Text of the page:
Rust-Shaker – Steep Turns



The Steep Turn is a go-to Flight Proficiency Maneuver (FPM) of pilots and flight instructors alike, and for good reason. Few other maneuvers so efficiently shake off the rust of proficiency degradation as do Steep Turns.

Why?

In Steep Turns, we deliberately bring the airplane into an attitude in which it doesn’t fly itself, which means that precise control inputs are required based on multiple near simultaneous observations. If dividing your attention is a skill that degrades with lack of use, Steep Turns force an accelerated division of attention between bank, pitch, power, progress of the turn and environment.

What?

In a well-executed steep turn:

  • The pilot prepares by choosing a good location, clearing the area, get to a stable airspeed (at or below Va), altitude and heading
  • The pilot deliberately sets the power to a known setting at the start and end of the maneuver so that airspeed stays within 10 knots
  • The pilot finds the pitch, bank and rudder pressure for a stable, 45°-55° banked coordinated turn, making small corrections to pitch and bank to keep bank within 5° and altitude within 100 ft of targets.
  • In the meantime, the proficient pilot has enough time to keep track of progress of the turn (HI or outside reference) so that rollout happens within 10° of target heading.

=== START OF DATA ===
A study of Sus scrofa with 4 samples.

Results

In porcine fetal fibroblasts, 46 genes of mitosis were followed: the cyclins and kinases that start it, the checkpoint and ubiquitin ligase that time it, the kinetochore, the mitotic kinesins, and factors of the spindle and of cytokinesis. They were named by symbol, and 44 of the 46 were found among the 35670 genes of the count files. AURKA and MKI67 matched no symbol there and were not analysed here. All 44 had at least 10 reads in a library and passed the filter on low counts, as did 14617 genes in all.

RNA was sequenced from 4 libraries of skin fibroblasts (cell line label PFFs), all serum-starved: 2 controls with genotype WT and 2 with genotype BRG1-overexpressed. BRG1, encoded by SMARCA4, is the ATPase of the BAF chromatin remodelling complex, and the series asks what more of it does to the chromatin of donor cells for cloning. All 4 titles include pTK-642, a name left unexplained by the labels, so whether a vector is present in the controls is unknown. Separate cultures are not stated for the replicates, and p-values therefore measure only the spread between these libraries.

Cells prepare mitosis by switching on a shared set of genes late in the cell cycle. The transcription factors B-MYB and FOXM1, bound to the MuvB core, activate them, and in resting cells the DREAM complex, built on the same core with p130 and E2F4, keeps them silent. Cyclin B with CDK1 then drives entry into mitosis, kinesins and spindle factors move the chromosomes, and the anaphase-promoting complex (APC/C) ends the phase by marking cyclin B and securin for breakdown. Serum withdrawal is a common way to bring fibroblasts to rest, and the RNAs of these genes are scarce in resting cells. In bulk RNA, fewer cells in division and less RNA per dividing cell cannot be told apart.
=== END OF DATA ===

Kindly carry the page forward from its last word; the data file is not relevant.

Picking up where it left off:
• In the meantime, the proficient pilot also has some time to confirm airspeed and look around for traffic and other hazards.

How?

Here is a reference for the steep turn flying procedure from Boldmethod. Using trim is optional. It may help some student pilots more easily pass their check rides, but if your goal is proficiency, counting on your muscles for manual control inputs may be more helpful.

Additional tips for Steep Turns in proficiency practice:

  • If at first you don’t succeed, you’re not alone. For proficiency, the practice is as important as the outcome, so keep practicing.
  • Know your power setting – you will need additional power due to the increase in lift (and thus, induced drag). Once you know how much, you can just set it while you roll into the maneuver. Don’t forget to reduce power when you roll out. This makes it great practice for procedure proficiency.
  • If you have trouble finding a stable bank/pitch and keep over-correcting (you are also not alone). Try a 720° turn and don’t worry about the exact roll-out heading. Focus on getting bank and pitch stable with only small corrections.
  • Once you remember what a stable steep turn feels like (in each direction), perform a few 180° steep turns, to practice the roll-in and roll-out more quickly, while also practicing adding attention to the heading.